What is Difference Between Primary Partition and Logical Partition? [ILFS Explains]


In this article I will try to explain what is a partition, what is a primary partition, and what is a logical partition. Stay with me and you will be more smart by end of this article :)


Simply speaking, a partition is a logical division of a Hard Drive into multiple parts. When Hard Drives are manufactured, they are manufactured with different capacities (500 GB, 1 TB etc.) but this is essentially a big lump of unused space which is of no use as such. In order for the Operating System (and user generated documents and files) to be able to work with it, this entire space needs to be formatted with a specific file system.  The process of formatting converts the raw space on a hard disk in a form that can be actually used to store stuff on it, and access the stuff stored on it.

The raw space on a hard disk can be formatted either by the Operating System itself (during installation, or by using Windows’ built-in Disk Management console). In fact, a hard disk has to be formatted in order for the Operating System to be even installed on it.

[Note: This article is a part of our series of articles called ILFS Explains where we try to explain common yet complicated tech terms in simple language].

Primary partition

A primary partition is generally the partition on which the Operating System is installed.  When the raw space on a hard disk is formatted by the Operating System during installation, it creates a partition for itself to be installed on, formatting it using one of the file systems supported by it. How much of the entire raw space is used to create this system partition, is something that depends on the user. We can either use a part of the entire raw space to create the primary partition, or all of it.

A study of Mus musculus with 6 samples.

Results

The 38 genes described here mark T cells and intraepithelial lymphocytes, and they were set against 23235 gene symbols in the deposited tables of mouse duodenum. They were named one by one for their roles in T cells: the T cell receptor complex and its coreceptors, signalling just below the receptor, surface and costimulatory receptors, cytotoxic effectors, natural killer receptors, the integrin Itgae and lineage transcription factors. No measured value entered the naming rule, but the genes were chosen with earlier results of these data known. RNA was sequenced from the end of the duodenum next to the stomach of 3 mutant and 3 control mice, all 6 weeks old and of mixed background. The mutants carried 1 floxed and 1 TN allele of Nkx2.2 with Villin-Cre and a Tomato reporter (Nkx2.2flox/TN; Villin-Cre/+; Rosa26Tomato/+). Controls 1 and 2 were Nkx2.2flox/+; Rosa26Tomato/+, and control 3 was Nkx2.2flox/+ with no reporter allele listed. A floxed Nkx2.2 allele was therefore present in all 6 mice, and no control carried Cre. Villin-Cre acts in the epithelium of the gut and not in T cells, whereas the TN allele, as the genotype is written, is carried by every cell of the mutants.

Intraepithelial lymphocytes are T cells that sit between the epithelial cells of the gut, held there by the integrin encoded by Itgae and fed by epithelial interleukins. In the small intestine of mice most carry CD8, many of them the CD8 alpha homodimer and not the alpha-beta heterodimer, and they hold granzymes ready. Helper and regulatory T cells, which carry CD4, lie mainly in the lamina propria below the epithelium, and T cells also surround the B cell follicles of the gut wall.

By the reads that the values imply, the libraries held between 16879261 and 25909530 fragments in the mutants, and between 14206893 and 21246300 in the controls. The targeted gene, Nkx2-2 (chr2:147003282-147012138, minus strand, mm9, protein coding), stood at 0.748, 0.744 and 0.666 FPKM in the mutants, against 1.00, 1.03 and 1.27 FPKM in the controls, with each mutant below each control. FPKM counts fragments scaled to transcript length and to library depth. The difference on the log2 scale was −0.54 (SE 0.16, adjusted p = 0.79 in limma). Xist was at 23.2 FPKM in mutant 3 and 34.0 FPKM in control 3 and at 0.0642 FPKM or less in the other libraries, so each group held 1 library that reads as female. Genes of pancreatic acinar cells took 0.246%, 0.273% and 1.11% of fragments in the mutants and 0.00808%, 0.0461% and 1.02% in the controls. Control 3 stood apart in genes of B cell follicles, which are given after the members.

As primary partitions generally have the Operating System installed on them, they are also known as system partitions. Note that a Hard Disk can have a maximum of 4 primary partitions.

Logical partitions

Before we go further into it, we need to know about something called the extended Partition. The Extended partition can be considered as a big partition that is used to hold one or multiple logical partitions. Thus, an extended partition can not be used to store any data or files, it’s just used as a shell for Logical partitions that actually hold data.

This finally brings us to the namesake of this section, logical partition. In the most basic of words, a logical partition is just a partition within a partition. As it’s clear from the above explanation of extended partition, once the primary partition(s) have been created, the remaining space can be formatted as a big extended partition, which itself can be further subdivided into any number of logical partitions.

Check out the Graphic below to understand the layout of primary, extended and logical partitions in a physical hard drive.


  • To ensure the safety of your files and data: Let’s say you have your OS and all your documents on a single big primary partition. When things go south (like an OS failure) on a system like this, it generally means that everything is gone. Having copies of your data on a separate partition makes all the sense in such a case (although it’s possible to recover your data by using Live CDs and such, things are not really that good for the not so tech-savvy users).
  • To set-up a multi boot computer system: If you wish to have more than one OS installed on your computer, you have to have multiple partitions. As simple as that!
  • For easier maintenance of the system: Regular system maintenance tasks like disk backups, defragmentation etc. become a lot more easier and manageable if a computer system’s hard disk is properly organized and formatted into partitions. 

Conclusion

Hard Disk partitioning is one of the essential system activities that every computer user needs to be familiar with. While the terminology associated with it  might seem esoteric and complicated at first, but disk partitioning essentially is a basic system activity that can be easily performed by anyone. It becomes even easier when you have the right tools for it. And of course, your favorite Tech Blog is always there to help.